Christopher Monks reflects on the challenges of performing and recording the 40- and 60-part works of Striggio and Tallis
I have never understood why some groups still place all of the singers in front of the audience for performances of Thomas Tallis's Spem in Alium and the 40-part works of Striggio. It is now widely understood that these works were originally conceived to be heard ‘in the round’, with the listener enjoying the extraordinary wave-like undulations of harmony and polyphony from inside this enormous musical structure. To hear everything in front of you is misleading, as one can only enjoy a polyphonic dense mush, which can never capture the real magic of these incredible works.
Armonico Consort have always worked hard with promoters and festivals to ensure that we can somehow find a way of ‘surrounding’ the audience with the singers, and so far have achieved that – not least with last year’s Supersize Polyphony tour – and it never fails to delight.
As a musician, it is terrifying. In these works, the list of things that can go wrong in performance is as long as your arm, and as a conductor, standing in the middle of the audience, sometimes up to 70 metres from your singers, the list is even longer. But I believe that adds something even more exciting to the performance, especially as audiences love to smell a bit of fear!
The singers must concentrate hard, ensuring they go with the beat they see and not necessarily the beat they hear, as it will only take one bar of ‘heads down’, and the whole thing will fall apart. They soon slip into a technique however, and whilst I am sure they feel far from comfortable, they feel in control. As a conductor, it is vital to give the entries clearly, especially in those conversational moments, where the individual choirs on opposite sides of the circle are in dialogue, otherwise the tempo can lag, and the performance lose its drive and energy.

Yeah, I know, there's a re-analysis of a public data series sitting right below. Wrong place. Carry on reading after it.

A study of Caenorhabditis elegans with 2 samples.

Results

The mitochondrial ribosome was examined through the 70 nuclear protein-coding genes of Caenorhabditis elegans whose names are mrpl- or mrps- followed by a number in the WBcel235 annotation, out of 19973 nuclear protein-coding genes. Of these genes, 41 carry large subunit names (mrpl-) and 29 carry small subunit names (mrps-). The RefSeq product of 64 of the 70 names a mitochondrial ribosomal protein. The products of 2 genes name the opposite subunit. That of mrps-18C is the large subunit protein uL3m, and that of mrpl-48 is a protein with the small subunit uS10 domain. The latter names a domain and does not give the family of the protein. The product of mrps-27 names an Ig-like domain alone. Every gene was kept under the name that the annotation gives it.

The distance creates massive ensemble issues in certain venues - we surrounded 1000 people in the audience for the Canterbury Festival a few years back, and after much rehearsal, I think we managed to pull it off. I don’t think I have ever seen singers watch so hard!
The Striggio and the Tallis are very different works – whilst Spem in Alium is principally a true polyphonic work, the Striggio is made up of five choirs of eight voices in a more homophonic construction, with the text being tossed from one group to another, coming together in the important moments. In the lyrical polyphonic sections of Tallis, the dynamics are very much dictated by the pitch and the density of the musical activity, but in the Striggio, one feels a little more inclined to lend a helping hand with these, and the moments, such as the 60-part Agnus Dei, when he slips into the chord of F major in a movement of G major, the effect when pianissimo is utterly magical.
Recording in a way was much easier as whilst the singers were all still in the round, they were much closer to each other and me. The recording was made in such a way that it could be released in ‘surround’ but the initial release is going to be stereo on CD and digitally. Right now there isn’t a digital download or streaming platform that delivers ‘surround’ but that may well change in the future and if it does, we’ll be ready for it.
There is still a thought that we may yet mix this for a physical ‘surround’ release but that wasn’t going to happen in time for a release this month, but Signum Classics certainly plans to in the near future.
'Supersize Polyphony' is out now. Visit signumrecords.com for information.